Labor Day. Eight and a half years ago. Emily's first birthday. We threw a birthday party for her and invited all our neighbors. It was a beautiful Indian-summer's day. Our neighbors were a fun party bunch. We were the new young couple on the block. Everyone was having a great time. The table was heaving with delicious goodies, wine was flowing, people were laughing, Emily performed beautifully taking her first steps there and then in front of the cooing fans.
For a few wonderful hours, I forgot all about the horrors of the past two weeks, the MRIs, optic tests, spinal tap, three days of intravenous steroid treatment. Pushed aside the pain, the struggle, trauma, hallucinations, vomiting, shock, anxiety and fear. In the merriment of the party, I'd forgotten it all.
I finished hospital treatment on Wednesday. Four days later, it was Emily's party. I was so happy to have my friends over. It was perfect.
We sang Happy Birthday to Emily. More wine flowed. I wasn't drinking. One of my neighbors took my arm and gently pulled me to one side. "Jane," she said, in a quiet voice, "are you okay? I noticed your arm. Is there anything you need to talk about?" Silence. "Are you doing drugs?"
I was stunned.
I had no idea what she was talking about.
She looked at my arm. I followed her gaze. It landed on a huge black bruise. I was black and blue. There were needle marks all over my arm where the nurses had tried to get the needles in. My veins had collapsed. They'd injected the drugs into my tissue for one of the three days.
I was so out of it I hadn't even thought about covering up my arms. It hadn't crossed my mind. It was the middle of summer. I was wearing a tank top. I saw myself through her eyes. I was thin, tired, pale. I looked like a heroin addict.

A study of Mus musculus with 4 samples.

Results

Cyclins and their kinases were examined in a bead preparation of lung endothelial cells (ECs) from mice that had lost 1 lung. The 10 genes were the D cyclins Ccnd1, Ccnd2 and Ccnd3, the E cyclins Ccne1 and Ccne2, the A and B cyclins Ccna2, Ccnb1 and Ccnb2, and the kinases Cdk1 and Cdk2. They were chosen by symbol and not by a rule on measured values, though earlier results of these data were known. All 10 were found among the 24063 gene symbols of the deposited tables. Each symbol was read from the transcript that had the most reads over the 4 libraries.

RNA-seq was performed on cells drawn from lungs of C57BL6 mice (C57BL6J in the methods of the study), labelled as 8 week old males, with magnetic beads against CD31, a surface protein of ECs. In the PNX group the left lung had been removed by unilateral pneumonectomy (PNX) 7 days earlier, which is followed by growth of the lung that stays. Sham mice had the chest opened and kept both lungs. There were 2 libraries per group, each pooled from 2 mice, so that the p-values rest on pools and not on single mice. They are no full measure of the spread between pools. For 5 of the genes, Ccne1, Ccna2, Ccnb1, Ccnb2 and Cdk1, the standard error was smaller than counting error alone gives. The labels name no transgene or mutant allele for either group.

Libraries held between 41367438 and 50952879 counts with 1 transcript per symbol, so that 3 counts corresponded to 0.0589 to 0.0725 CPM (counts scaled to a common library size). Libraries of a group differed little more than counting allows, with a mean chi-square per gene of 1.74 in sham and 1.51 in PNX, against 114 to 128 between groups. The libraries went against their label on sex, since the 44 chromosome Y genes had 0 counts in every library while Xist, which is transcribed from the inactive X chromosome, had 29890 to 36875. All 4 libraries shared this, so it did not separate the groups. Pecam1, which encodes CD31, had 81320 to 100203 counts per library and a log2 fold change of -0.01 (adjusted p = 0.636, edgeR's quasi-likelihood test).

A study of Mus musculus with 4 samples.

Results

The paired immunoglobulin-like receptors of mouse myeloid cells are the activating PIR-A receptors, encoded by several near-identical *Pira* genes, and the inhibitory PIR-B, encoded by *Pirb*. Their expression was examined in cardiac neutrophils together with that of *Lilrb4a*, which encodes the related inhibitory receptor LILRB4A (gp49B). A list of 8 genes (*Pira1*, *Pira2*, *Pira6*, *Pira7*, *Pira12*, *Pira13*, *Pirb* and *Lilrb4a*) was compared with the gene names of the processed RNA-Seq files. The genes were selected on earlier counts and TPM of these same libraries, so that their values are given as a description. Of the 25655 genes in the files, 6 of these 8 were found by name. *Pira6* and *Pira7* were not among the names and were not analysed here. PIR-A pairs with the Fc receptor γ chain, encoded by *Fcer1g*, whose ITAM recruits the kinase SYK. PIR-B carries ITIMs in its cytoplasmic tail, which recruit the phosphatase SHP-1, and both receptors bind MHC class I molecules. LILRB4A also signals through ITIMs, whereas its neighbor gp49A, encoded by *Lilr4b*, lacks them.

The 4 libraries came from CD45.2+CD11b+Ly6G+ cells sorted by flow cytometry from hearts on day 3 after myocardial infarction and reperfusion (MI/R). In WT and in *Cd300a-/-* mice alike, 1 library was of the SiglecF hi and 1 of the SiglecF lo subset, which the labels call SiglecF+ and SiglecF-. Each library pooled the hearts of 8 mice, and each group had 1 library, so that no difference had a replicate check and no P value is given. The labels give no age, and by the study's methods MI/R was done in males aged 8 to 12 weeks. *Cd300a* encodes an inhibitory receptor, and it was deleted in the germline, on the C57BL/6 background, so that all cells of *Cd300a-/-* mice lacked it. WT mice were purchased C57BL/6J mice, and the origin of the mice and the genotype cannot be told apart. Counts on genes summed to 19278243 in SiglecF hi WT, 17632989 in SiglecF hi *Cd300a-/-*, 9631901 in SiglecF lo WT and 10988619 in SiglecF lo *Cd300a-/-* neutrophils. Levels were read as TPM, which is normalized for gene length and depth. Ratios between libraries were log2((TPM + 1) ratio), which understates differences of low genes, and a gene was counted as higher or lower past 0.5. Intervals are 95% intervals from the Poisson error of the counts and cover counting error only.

"Oh, no." I told her. "I'm sorry. I've just been in for a lot of tests. I've been diagnosed with MS."
She cried. There and then, in the middle of Emily's party. My few hours of forgetting were over.
In yoga we sometimes find ourselves faced with practicing poses that bring up emotions such as fear and anxiety. The key to staying in the practice is to breathe our way through them, bringing peace and relaxation into our bodies despite what our emotions are telling us. When we can do this in class or at our home practice, we can begin bringing this calmness into the world with us. This is when we begin living our practice.
EXERCISE: PIGEON POSE
From downward facing dog bring the right leg up into a downward dog split, bend the right knee and swing the leg forward, bringing the right knee outside the right hand and release the left leg to the floor.
Square off the hips (place a bolster or folded blanket under the right buttock if nec). Bring the torso down into a forward bend in front. Remain here for several minutes, breathing deeply into the right thigh and buttock. If you feel pressure in your right knee, press your hands into the ground and take some of the pressure off the knee. If you feel pain in the knee, come out of the pose.
Breathe. Breathe. Breathe.
This is an intense pose. Chances are some emotions will arise. Breathe through them. Inhale the word 'peace' or 'relax' or something that resonates to you and consciously exhale the struggle.